Brad Keselowski estimates NASCAR has fined him between $75,000 and $100,000 for various transgressions through the years.
Money, however, is not the reason why Keselowski now carefully chooses his words publicly. The 2012 Sprint Cup champion says he's still voicing his opinion with the same frequency; he's just no longer doing so publicly.
Instead, Keselowski prefers using "back channels" that have opened within NASCAR that didn't exist previously. It's not only a more tactful approach, but one that should produce more success in facilitating change.
"I think quite a few back channels have opened up within NASCAR over the last six to eight months that have given me the ability to not have to go to the media to get something done," Keselowski said Thursday at NASCAR's Media Day. "That fits my personal and professional agenda, and out of respect for that I think it maybe creates a situation where what might look like a muzzle to you or to the outside is perhaps more a moment of opportunity I just don't want to piss away."
Keselowski has received criticism for his often outspoken nature. One of his most frequent critics has been Jimmie Johnson, who a year ago chided Keselowski for not being more diplomatic.
At the time, Johnson said Keselowski should learn to be more restrained and that if he wanted to push change, there were better ways to do so than sounding off in front of a microphone. It's a lesson Johnson learned himself following his first Cup championship.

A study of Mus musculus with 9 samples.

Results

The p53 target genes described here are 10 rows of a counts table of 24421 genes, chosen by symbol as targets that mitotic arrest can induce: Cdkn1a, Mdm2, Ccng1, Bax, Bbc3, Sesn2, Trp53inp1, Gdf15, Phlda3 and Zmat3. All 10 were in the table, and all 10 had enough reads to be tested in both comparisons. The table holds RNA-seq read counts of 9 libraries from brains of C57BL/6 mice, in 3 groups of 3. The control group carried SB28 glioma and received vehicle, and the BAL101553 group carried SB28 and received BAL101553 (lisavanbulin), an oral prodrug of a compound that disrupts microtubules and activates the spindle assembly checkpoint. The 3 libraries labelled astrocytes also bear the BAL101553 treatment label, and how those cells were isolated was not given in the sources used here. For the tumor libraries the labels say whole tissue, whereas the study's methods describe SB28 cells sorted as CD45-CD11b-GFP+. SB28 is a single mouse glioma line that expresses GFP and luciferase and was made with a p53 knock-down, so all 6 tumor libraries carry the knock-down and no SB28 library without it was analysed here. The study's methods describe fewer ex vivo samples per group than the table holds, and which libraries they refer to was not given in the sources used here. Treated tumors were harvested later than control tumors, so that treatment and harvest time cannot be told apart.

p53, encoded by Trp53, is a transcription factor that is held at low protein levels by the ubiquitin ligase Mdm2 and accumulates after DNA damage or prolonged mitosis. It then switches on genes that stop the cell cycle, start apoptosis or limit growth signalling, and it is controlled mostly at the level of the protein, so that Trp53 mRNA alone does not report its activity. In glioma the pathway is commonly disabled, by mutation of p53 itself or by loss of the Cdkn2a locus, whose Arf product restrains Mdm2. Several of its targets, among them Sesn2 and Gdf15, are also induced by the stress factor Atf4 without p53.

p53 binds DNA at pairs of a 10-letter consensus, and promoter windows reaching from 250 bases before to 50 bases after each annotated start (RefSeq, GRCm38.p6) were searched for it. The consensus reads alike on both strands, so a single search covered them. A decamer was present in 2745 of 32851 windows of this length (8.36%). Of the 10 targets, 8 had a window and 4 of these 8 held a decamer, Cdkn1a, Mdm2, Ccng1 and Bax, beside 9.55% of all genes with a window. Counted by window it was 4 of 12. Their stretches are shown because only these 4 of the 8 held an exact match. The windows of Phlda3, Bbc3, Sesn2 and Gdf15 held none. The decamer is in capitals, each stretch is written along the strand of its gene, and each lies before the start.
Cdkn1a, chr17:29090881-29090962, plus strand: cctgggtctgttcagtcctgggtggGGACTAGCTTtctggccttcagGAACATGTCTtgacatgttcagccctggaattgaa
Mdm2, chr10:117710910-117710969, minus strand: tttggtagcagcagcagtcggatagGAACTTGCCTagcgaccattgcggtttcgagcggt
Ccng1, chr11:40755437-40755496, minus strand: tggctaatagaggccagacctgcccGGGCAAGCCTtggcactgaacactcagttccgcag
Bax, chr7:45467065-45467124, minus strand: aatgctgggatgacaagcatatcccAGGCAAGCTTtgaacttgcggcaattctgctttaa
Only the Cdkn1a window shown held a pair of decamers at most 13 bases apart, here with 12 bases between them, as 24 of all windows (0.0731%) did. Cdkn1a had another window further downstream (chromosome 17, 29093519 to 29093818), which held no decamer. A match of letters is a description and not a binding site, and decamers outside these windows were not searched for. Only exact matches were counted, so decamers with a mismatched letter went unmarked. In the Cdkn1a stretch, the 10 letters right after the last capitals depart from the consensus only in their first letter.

Last season, Keselowski had a pair of notable outbursts. The first occurred when NASCAR found unapproved parts on both Team Penske cars in inspection before the April race at Texas Motor Speedway. Keselowski insinuated his No. 2 team was "targeted," but by whom he wouldn't say.
Two months later, Keselowski accused Hendrick Motorsports and Joe Gibbs Racing of "stealing" away Penske crew members. In response, Hendrick called Keselowski "misinformed" and said he needed to represent the sport with "more class."
"Are there things I could do better? Absolutely," Keselowski said. "But mistakes are what builds your character and helps you become the person that you are and that you can learn from, so they're only a mistake if you don't grow and learn from them."
This past offseason, NASCAR has implemented numerous changes including a pronounced overhaul of its Chase for the Championship format. And as part of the discourse on what tweaks it was considering, officials consulted with Keselowski.
"I don't want to sit here and try to take credit for things that I didn't do on my own because that would not be fair," he said. "But I feel confident that I had at least some small role in some of the changes that have gone on in this sport over this offseason, and I'm very happy for all of them."
As for any concerns that he has been "muzzled," Keselowski is adamant that isn't the case. Nor will he become a vanilla driver concerned more with appeasing the powers that be than speaking his mind.
"I'm still gonna be vocal about something that I disagree about that there's no progress or no change being made on," Keselowski said. "But if there's progress or change being made, then why be an a**hole?"